The Tire Tracker is very easy to program and if you don't use the RV for long periods pull the batteries so they last longer.
The Tire Tracker is very easy to program and if you don't use the RV for long periods pull the batteries so they last longer.
Thankyou Tireman,,,
Great ideas in technology, but not ready for Prime Time IMHO.

Thanks for the heads up.

Dr4Film ----- Richard
I think you are going to like it. We just got ours last Thursday. I set it up and used it on our trip to Vermont. There is something very reassuring about something sitting sentinel on your dashboard at the ready for any unforeseen tire calamity. I think you will like yours.
One word of note. At times if we slammed a door, or mabey not even slammed, just closed something with a thud, the TireTraker would beep for a second. It's no big deal but the first time we heard it I thought something was wrong. It just seems to be a mite sensitive when in sleep mode that's all.
Yes, and it was that favorable consensus that helped sway me to purchase one for myself.
Great ideas in technology, but not ready for Prime Time IMHO.
After searching the web for information on the Tire Minder TPMS it appears that it is the SAME unit as the Tire Tracker TPMS.

So now I am REALLY confused. Many people on this thread have raved about the reliability of the Tire Tracker TPMS only to find out that it's the same as the Tire Minder. However, since they are the same units with just a different name, I have to eliminate both from the list of choices.

So now with both the Doran TPMS and the Tire Minder aka Tire Tracker TPMS systems not being 100% reliable, the choices are getting slimmer.

That leaves basically two systems left to choose from. The Pressure Pro TPMS and the Truck Systems Technology TST tire pressure monitoring systems.

I haven't heard too many BAD things about either of those two systems. I will now do my due diligence on both and make a decision in the coming months.

Great ideas in technology, but not ready for Prime Time IMHO.
No GPS or TPMS is a substitute for using your own smarts. If there is a warning it isn't too difficult to watch the pressure and temperature to be sure the pressure doesn't continue to drop. If it was hot and then it rains the temp and pressure will drop a bit but then re-stabilize. I consider this a small negative vs the big positive of having a warning of a "rapid" pressure drop from the hot pressure.
The alternative to no warning is the possibility of driving down the road and not knowing you have a puncture until you have a sidewall flex failure which puts you in a ditch.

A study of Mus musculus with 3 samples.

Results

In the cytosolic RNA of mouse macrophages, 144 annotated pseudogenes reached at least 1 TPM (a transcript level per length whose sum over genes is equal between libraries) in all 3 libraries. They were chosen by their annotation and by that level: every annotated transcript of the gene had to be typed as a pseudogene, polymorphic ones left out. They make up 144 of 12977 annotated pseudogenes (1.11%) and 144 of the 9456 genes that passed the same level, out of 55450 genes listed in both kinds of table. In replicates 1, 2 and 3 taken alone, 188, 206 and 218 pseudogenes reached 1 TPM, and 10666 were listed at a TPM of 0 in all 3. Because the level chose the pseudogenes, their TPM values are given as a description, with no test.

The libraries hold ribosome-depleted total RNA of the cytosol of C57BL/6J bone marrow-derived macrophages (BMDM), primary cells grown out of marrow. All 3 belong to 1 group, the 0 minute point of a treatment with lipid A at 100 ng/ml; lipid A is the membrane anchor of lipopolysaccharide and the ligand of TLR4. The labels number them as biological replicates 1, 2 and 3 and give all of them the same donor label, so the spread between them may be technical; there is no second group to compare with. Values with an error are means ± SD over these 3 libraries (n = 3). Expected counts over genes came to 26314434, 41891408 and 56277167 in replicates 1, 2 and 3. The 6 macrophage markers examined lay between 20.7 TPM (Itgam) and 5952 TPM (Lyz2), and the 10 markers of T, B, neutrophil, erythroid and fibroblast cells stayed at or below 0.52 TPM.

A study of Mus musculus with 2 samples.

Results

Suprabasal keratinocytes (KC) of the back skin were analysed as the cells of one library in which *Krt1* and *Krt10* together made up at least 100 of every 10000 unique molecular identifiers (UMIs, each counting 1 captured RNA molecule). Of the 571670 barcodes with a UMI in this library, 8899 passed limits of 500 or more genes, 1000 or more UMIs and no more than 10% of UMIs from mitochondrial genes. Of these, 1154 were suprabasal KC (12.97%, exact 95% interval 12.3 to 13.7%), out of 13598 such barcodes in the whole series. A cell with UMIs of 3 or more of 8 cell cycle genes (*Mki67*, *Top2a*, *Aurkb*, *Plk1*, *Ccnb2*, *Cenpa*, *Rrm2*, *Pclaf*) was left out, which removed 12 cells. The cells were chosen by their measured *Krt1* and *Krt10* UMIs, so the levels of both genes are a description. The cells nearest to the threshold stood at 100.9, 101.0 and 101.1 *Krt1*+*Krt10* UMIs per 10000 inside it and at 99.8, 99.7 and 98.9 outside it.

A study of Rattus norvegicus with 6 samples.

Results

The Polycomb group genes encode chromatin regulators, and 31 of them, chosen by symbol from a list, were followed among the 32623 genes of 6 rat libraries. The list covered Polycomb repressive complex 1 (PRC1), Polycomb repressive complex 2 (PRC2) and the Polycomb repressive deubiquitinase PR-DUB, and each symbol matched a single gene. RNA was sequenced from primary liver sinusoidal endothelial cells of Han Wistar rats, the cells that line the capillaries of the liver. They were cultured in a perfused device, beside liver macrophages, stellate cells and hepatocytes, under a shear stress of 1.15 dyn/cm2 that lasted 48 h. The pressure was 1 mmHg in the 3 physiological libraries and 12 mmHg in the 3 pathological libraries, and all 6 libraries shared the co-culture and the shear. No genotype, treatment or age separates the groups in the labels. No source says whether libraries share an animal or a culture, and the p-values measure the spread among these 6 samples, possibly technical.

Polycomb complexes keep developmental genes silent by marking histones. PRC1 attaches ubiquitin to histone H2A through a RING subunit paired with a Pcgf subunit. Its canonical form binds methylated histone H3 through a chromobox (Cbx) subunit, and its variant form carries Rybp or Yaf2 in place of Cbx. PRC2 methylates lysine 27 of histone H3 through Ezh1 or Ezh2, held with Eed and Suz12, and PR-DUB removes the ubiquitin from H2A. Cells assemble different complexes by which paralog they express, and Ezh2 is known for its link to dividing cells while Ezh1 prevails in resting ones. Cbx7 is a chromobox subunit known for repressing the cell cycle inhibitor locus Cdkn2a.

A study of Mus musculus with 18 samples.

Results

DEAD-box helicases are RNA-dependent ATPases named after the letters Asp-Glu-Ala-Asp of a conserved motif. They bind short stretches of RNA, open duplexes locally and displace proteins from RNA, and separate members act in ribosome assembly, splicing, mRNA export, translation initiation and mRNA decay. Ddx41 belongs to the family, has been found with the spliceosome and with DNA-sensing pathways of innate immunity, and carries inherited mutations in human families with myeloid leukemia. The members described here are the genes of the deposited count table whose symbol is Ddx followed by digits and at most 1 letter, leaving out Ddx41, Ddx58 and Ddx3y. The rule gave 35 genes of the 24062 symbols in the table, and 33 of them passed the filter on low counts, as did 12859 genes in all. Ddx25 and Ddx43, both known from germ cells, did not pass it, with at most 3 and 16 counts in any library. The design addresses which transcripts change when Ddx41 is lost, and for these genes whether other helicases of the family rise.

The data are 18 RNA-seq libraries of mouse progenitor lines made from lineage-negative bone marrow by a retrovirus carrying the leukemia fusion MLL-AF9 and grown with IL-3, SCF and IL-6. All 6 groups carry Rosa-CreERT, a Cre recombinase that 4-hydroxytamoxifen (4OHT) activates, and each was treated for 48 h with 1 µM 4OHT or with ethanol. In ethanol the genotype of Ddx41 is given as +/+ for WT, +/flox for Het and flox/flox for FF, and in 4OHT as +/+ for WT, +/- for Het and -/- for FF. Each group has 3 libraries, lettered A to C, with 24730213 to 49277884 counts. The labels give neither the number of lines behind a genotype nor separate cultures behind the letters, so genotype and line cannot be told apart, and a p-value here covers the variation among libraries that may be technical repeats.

No unit is perfect or a substitute for thinking about what the sensor is telling you. If the Tire Minder shows all tires as having a decrease in pressure and it just started to rain it's pretty reasonable to say I understand what is happening so I don't have to worry.

I wonder what you do if you see your engine temperature go down when going down a hill or if it goes up when climbing. Do you say the engine temp gauge is worthless and remove it from your dash?

After seeing the system and talking to him, there are now basically only two systems in the market left that are worth their weight in GOLD. Both of which were designed with reliability in mind and engineered for the trucking industry. Not by some lame brain engineer attempting to capitalize on the RV market like all of the others that are out there including the Doran TPMS unit which I bought 3 years ago which ended up to be a $700 mistake.

He stated that the both the TST and the Tire Safe Guard are the ONLY systems that I should consider buying. He said both are excellent in the way they have been engineered with the ease of setup and operation. He would recommend either one and was NOT pressuring me into buying only theirs. However the show price was attractive but he said that it would be available on the Internet for the entire month of October. It would save me $50.

He stated that I will not have problems like I am having with the Doran system. These are 100% reliable. They have to be otherwise the OTR truckers would NOT be using them.

Now to choose, TST or Tire Safe Guard?

. I had a TST system and had exactly the same kind of problems you described w/Doran ...multiple failed /mis-reading sensors to the point we had zero confidence in the system. We even had two toad flats while parked because of sensors coming loose ...I tried everything but Loctite. TST's customer service could not have been better, but I returned the system and eventually replaced it with TireTraker. The only false signals I have had with TireTraker has been occasional leak indicator on a rear dual while refueling after pulling off an extended highway run as "the tire cools quickly." I just watch the reading and know within minutes that there is no leak as the psi reading stays the same. I like TireTraker's smaller and lighter sensors.

I did add the booster to both TST and TT after dropped signals on the toad while underway. My 40' my has a rear closet and I thought perhaps that helped kill the signal. I wired the booster into a bedroom 12v power outlet and stuck it high beside the bed.